US president Barack Obama has said the participation of five Arab nations in air strikes against militants in Syria "makes it clear to the world this is not America's fight alone".

Mr Obama said the joint fight against the Islamic State (IS) will take time, but is vital to the security of the United States, the Middle East and the world.

The US-Arab air strikes on Monday night targeted the group's headquarters in eastern Syria.

Mr Obama said the US is "proud to stand shoulder-to-shoulder" with Bahrain, Qatar, Saudi Arabia, Jordan and the United Arab Emirates in conducting the strikes.

Mr Obama, speaking ahead of meetings at the UN General Assembly in New York, said: "We're going to do what's necessary to take the fight to this terrorist group."

US Army General Martin Dempsey, the top American military official, said the US and its Arab allies had achieved their aim of showing the extremists that their attacks will not go unanswered.

The US and five Arab nations attacked the Islamic State group's headquarters in eastern Syria in night-time raids on Monday using land-and-sea-based US aircraft as well as Tomahawk cruise missiles launched from two Navy ships in the Red Sea and the northern Persian Gulf.

American warplanes also carried out eight air strikes to disrupt what the military described as "imminent attack plotting against the United States and Western interests" by the Khorosan Group, a network of al-Qaida veterans working with the Yemeni branch of al-Qaida, known as Al-Qaida in the Arabian Peninsula, to encourage foreign fighters with Western passports and explosives to target US aviation.

Mr Obama said the US was "proud to stand shoulder-to-shoulder" with its Arab partners.

General Dempsey called the strikes an unprecedented coalition with Arab states and said the partnership had set the stage for a broader international campaign against the extremists.

He said: "We wanted to make sure that IS knew they have no safe haven, and we certainly achieved that."

Several hours after the Pentagon announced the air strikes against Islamic State targets, US central command said American warplanes also launched eight strikes "to disrupt the imminent attack plotting against the United States and Western interests" by the network of al-Qaida veterans - sometimes known as the Khorasan Group - who have established a haven in Syria. It provided no details on the plotting.

Gen Dempsey said the timing was influenced by a concern that word of strikes in eastern Syria could prompt the al-Qaida veterans to disperse.

Central Command said the bombing mission against that group was undertaken solely by US aircraft and took place west of the Syrian city of Aleppo.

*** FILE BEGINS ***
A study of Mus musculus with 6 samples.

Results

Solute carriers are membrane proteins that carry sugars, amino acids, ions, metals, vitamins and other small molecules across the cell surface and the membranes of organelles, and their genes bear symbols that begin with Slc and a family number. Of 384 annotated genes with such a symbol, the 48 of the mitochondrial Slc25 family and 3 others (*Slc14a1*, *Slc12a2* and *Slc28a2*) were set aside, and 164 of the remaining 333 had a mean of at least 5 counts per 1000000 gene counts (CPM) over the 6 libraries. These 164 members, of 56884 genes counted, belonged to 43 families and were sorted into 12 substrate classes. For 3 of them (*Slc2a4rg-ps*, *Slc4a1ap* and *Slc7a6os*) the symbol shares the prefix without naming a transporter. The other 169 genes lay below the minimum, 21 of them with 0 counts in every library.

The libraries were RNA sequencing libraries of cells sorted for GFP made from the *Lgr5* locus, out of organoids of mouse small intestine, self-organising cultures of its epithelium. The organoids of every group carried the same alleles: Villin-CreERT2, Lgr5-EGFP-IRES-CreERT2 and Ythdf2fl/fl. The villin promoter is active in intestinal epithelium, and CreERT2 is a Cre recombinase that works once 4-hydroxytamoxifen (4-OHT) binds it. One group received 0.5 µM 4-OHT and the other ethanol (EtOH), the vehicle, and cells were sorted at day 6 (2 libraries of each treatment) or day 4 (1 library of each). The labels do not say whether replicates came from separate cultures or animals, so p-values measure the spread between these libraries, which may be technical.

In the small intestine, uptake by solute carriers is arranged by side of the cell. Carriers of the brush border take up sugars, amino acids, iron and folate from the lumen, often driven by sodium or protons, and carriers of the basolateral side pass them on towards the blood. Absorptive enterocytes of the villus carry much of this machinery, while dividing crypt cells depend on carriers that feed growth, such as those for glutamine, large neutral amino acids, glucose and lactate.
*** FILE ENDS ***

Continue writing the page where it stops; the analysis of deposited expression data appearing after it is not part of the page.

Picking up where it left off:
It said targets included training camps, an explosives and munitions production facility, a communication building and command and control facilities.

The airstrikes against Islamic State targets were carried out in the city of Raqqa and other areas in eastern Syria. They were part of the expanded military campaign that Mr Obama authorised nearly two weeks ago in order to disrupt and destroy the Islamic State militants, who have slaughtered thousands of people, beheaded westerners - including two American journalists and one Briton - and captured large swathes of Syria and northern and western Iraq.

Central command said the US fired 47 Tomahawk cruise missiles from aboard the USS Arleigh Burke and USS Philippine Sea, operating from international waters in the Red Sea and the northern Persian Gulf.

US Air Force, Navy and Marine Corps fighter jets, drones and bombers also participated.

Syria's foreign ministry said the US informed Syria's envoy to the U.N. that "strikes will be launched against the terrorist Daesh group in Raqqa." The statement used an Arabic name to refer to the Islamic State group.

Rear Admiral John Kirby, the Pentagon press secretary, said the strikes were not coordinated with the government of Syrian president Bashar Assad, but added: "There was no resistance, no interaction with Syrian air forces or military defences" during the operation.

Russia's foreign ministry warned that what it called "unilateral" air strikes would destabilise the region.

"The fight against terrorists in the Middle East and northern Africa requires coordinated efforts of the entire global community under the auspices of the UN," the foreign ministry said in a statement.

Iran's president Hassan Rouhani said the strikes in Syria were illegal because they were not approved or coordinated with Syria's government.

In New York for the UN meetings, Mr Rouhani said that Iran condemns the Islamic State group and stands ready to help fight terrorism. But he said the US policy is confused because it simultaneously opposes the militants while also trying to undermine the government of Mr Assad.

In Syria, activists said the air strikes hit targets in and around the city of Raqqa and the province with the same name. Raqqa is the Islamic State group's self-declared capital in Syria.

Rami Abdurrahman, who heads the Britain-based Syrian Observatory for Human Rights, said: "There is confirmed information that there are casualties among Islamic State group members."

Rear Admiral Dempsey said Arab participation needs to extend beyond direct military roles to assisting in an international effort to undercut finances, recruiting and ideological support for IS.